Adelia Saunders’s first novel, Indelible (Bloomsbury USA; starred review, LJ 1/17), is the wildly inventive story of Magdalena, a young woman from Lithuania, who sees people’s histories literally written on their skin. Here, the author discusses the book’s unusual plot and her previous careers.
What inspired the skin-writing aspect of Indelible?
My husband and I had been doing research in the Lithuanian central state archives, and I’d gotten interested in the idea of documents and how just a few bureaucratic data points were left in the official records to tell a person’s story long after they died—a birth certificate, census records, maybe a school file, a passport. That was it. Sometimes those documents hinted at a story that was much more complicated. I wondered what it would be like for a character to be confronted with all that information every time she looked at another person. From that came the idea that Magdalena would see people wearing the contents of their life’s “files” on their skin.
It was important to me that the writing Magdalena sees included things that are as banal—or tragic or profound—as the things found in archival records. Much of what she sees is uninteresting, but then someone pushes up their sleeves or brushes the hair off their face and she reads the text of an arrest warrant or an autopsy report or a Valentine.
Coincidences and subtle clues that do not foreshadow the story are tricky to pull off in literature. How did you make them work here so well?
Well, I hope they work! I wanted to write an adventure story set in the archives. There is plenty of excitement to be found looking through dusty documents where discoveries are the accumulation of little clues. All three main characters are trying to solve a puzzle that is central to their lives, and the “clues” are there all along in files gathering dust or in their own memories.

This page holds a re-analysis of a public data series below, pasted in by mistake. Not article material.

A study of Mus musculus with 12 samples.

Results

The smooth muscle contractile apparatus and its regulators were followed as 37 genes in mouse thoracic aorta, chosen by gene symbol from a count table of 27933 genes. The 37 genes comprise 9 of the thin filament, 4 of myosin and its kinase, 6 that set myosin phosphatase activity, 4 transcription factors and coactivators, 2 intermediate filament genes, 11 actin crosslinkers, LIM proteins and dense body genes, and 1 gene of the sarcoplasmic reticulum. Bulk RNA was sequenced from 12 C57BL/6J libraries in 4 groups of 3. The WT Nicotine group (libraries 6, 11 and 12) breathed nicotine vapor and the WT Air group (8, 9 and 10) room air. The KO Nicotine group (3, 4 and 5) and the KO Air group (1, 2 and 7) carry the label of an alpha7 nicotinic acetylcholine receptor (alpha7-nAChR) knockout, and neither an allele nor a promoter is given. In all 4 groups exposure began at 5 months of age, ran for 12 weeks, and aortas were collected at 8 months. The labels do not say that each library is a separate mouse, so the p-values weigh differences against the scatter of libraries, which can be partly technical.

The intricacies of this book are extraordinarily bold and complex. What were some of the surprises you encountered during its construction?
So much happened in my life during that time. It started as a vague idea, not a novel. It got unwieldy and had to be restarted. I didn’t know where things were going, but it was exciting to figure it out as I went along. I finished the book a more mature writer than I’d been when I started.
Did your master’s degree in international relations influence your work on the novel?
It made it take longer! I started it while my husband and I were living in Paris and I was getting ready to go to graduate school. Then I spent two years getting a degree that is almost completely unrelated to fiction writing, and then I had two kids, and then I finally finished it.
My degree taught me the importance of understanding assumption-free facts (which became a theme in this book). My degree and the work I’ve done since have anchored me in the very real world of war and peace and economics. I hope as a fiction writer, I’ll always have my feet on the ground.
How did your path from writing for a UN newswire service to teaching English in Paris bring you to fiction?
I loved working at the UN. I wrote for an odd little news service that covered development in the least developed countries. I hung out at Security Council “stake-outs” where a bunch of shaggy journalists wait around underneath the Picasso mural of Guernica and then shout questions to the diplomats when they come out. Some of the work I did at the UN made its way into Indelible.
After the UN, my husband and I were living in Paris when I started writing this book. I was giving English lessons to several young girls, which is why some of Indelible takes place when Magdalena is very young. I had a sense from my French students of the [giddiness] and utter seriousness of being eight years old.
What are some nonfiction books you’ve enjoyed recently?
Van Gogh: The Life by Steven Naifeh and Gregory White Smith weaves in so much history and sadness that the book itself almost has the texture of [Vincent] van Gogh’s paintings. I read the first volume of William Manchester’s biography of Winston Churchill [The Last Lion]. Every parent should read it. Little Winston was such a disaster; he failed at almost everything and was completely hopeless in the rigid culture of English boys’ schools. It’s a reminder that what we are as children doesn’t define us, and that sometimes a difficult kid may just need to get out of Latin class and go save the world.
What are you working on now?
I have a secret project; it’s about water.